Like all the best queer films, Pride’s greatest strength is that it focuses on perceptions of normality as opposed to the concept of queer itself. Cast-wise, it’s a typical British ensemble, featuring some of the UK’s most visible stars (Bill Nighy, Imelda Staunton, Joe Gilgun, Paddy Considine, Dominic West et al), the only difference being that most of them are playing gay or lesbian characters, something very few of them are noted for previously playing. That the movie feels entirely comfortable, natural, and lived-in, far away from the abrasive aesthetic New Queer Cinema erupted with in the early 90s, is an optimistic and heartwarming reflection on the increasingly healthy state of the LGBT community, and social attitudes towards it in general.
Another key quality is that it portrays homophobia as a practically obsolete attitude entirely, riding full force into its end credits with a huge sense of accomplishment intact. Set in Thatcher’s Britain, Pride covers the events occurring between the miners’ strike of 1984-5 and the subsequent Gay Pride March in London, beginning with the attempts made by the Lesbians and Gays Support the Miners (LGSM) in supporting the striking communities. True to LGSM’s aims, Pride fully empathises with the miners as opposed to turning the movie into a pride parade of its own which, as the majority of it is set in a tiny Welsh village in the 1980s, was what I was fully expecting.
What helps is that the first representative from the village, Dai (Considine), openly admits that he’s never met a gay person before. That Dai says this in the company of LGSM, away from the peer pressures of his conservative villagers, is a lucky strike for the campaigners, whose support until then has been denied outright by typically prejudiced organisations and communities. A gentle and kindly being, Dai happily allows himself to be persuaded into making a speech at a gay club, thanking all the folks who’ve donated to his cause. Following this, he eagerly tries to integrate LGSM into his village, which initially proves obviously problematic but acquiesces steadily over the course of several set pieces.
The unity of the strikers and the queers occasionally feels like it’s been forged in a contrived way, however; for example, Dominic West’s thespian character erupts into song and dance at one point, stubbornly embracing all the stereotypes the village folk have stated as holding against homosexuals, yet somehow this manages to win most of them over. Not that this isn’t a brilliant sequence – it’s incredibly well-edited, hugely exhilarating and beautifully acted – but it does seem unlikely that such a shift in attitudes would occur so quickly, and at such a brazenly effeminate act in room full of people desperately clinging to their established gender roles. Potential dance scene of the year for sure, except that it’s one backed by slightly delusional reasoning.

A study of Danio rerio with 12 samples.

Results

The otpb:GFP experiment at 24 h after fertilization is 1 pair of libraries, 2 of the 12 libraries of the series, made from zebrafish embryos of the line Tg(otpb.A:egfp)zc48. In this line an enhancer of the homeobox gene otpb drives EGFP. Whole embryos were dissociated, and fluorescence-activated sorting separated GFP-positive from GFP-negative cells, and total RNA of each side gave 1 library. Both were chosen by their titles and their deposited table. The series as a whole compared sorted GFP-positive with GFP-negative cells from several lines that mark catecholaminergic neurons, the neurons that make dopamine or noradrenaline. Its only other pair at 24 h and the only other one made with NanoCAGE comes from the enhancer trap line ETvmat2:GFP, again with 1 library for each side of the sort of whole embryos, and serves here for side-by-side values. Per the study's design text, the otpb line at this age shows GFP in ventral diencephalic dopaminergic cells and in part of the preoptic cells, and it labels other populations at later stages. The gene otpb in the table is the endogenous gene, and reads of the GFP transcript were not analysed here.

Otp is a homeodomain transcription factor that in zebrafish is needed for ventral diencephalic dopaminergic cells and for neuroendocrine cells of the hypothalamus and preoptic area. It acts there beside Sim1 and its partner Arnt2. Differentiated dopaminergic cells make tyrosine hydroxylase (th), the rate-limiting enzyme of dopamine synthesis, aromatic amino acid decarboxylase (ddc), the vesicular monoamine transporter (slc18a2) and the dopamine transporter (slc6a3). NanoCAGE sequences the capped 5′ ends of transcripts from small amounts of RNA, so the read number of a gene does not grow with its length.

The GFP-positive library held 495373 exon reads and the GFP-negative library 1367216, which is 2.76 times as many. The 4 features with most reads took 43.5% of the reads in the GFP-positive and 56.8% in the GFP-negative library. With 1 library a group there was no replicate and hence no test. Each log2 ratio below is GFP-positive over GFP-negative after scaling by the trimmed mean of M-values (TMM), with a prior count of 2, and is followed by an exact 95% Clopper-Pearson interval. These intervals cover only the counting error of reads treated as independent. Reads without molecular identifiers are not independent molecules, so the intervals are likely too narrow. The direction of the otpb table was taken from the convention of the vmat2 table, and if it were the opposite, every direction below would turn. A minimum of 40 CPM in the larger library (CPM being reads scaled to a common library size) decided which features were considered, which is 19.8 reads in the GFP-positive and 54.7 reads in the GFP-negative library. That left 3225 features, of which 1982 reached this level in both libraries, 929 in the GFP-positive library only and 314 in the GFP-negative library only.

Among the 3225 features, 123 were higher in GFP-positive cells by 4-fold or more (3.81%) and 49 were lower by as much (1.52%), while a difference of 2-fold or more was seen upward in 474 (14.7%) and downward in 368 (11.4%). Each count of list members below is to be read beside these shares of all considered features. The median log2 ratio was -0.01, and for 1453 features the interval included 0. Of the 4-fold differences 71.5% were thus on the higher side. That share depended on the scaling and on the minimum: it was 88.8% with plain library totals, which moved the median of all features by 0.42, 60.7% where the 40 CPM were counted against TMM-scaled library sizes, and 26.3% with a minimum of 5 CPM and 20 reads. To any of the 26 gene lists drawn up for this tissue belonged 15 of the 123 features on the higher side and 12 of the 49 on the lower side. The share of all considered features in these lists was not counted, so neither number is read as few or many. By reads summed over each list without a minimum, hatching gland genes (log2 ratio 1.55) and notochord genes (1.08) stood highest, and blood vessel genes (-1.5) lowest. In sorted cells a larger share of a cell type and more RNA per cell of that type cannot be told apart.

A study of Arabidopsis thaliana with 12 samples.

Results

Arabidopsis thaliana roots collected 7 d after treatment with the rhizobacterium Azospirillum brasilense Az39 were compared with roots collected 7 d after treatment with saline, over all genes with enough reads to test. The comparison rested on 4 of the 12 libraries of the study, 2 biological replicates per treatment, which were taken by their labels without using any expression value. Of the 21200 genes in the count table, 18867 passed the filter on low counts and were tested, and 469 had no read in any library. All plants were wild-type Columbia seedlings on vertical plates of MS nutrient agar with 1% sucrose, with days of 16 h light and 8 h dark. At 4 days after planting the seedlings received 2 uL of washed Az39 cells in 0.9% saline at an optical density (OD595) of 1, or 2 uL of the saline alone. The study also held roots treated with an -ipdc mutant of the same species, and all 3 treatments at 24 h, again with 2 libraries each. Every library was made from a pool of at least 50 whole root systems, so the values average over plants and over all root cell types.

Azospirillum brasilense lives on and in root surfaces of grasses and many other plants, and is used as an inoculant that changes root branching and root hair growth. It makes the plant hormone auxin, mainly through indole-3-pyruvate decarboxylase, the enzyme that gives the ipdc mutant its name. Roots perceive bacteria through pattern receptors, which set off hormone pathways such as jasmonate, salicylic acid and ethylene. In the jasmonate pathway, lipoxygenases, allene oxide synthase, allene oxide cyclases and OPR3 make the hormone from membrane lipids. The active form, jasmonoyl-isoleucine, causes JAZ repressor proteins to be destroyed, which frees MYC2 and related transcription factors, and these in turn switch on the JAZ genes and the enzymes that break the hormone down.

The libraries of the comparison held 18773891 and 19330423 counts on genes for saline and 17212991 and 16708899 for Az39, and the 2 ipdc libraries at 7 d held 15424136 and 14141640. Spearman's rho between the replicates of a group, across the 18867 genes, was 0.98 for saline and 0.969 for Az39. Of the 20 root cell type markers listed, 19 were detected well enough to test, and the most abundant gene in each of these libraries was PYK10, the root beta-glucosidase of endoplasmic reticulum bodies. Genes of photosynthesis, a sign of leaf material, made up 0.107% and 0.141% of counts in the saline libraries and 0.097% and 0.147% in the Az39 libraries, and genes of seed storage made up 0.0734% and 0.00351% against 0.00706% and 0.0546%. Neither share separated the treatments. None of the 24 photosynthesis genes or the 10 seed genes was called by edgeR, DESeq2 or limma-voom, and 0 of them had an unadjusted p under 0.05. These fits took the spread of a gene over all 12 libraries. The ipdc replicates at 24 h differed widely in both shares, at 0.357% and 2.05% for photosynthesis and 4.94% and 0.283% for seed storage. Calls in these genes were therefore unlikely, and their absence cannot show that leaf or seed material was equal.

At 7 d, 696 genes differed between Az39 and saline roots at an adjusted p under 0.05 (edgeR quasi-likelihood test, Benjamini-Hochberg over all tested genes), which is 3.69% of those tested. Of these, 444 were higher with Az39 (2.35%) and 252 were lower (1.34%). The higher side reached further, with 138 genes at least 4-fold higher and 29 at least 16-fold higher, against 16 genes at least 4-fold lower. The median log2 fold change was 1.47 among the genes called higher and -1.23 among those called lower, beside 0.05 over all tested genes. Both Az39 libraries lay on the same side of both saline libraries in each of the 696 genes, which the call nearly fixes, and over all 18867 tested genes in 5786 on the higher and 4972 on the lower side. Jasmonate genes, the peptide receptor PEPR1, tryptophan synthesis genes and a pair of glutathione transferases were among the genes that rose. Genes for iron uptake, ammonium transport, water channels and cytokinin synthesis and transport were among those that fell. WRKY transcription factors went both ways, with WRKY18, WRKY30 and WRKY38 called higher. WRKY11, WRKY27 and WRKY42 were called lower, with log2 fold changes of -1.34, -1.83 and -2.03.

Thankfully, that eventually becomes beside the point. Once the first half of the movie is over and the barrier between the two parties are felled, Pride centres in on the miners’ struggle, especially noting the double-meaning of the title, simultaneously referring to the march that signifies progress and the sin that stunts it. The strikers’ return to work was counted as a victory by the Tories, and was an inevitability quietly feared at the time, revealing the movement as a case of the unstoppable force meeting the immovable object; something had to give, and the side with the most power – clearly Thatcher and her cohorts – obviously weren’t going to be the ones to budge first. This is heartbreakingly encapsulated in the movie by a tough sequence where loaves of bread go up, not for ration, but auction.
Nevertheless, Pride isn’t concerned with sticking it to the man and not having him log it back at you. This isn’t Downfall, and the focus isn’t on the big events that shook history but rather the little ones that made all the difference. The amalgamation of these two factions, one oppressed by society and the other by authority, is represented here by a great cast who all share a fervent chemistry, backed by a witty and humane script and underscored by a hungry confidence rarely emitted so strongly in British comedy. Despite lacking the nuance of films such as Weekend, Pride aligns itself among the decade’s worthiest queer movies, hopefully one day belonging to a pantheon of art-pieces that best capture the massive improvements in LGBT acceptance we’re witnessing in the 2010s. As well as this, it’s a practically irresistible feel-good experience, one with a cast and crew aiming for powerful emotional responses and seizing them as if their lives depended on it.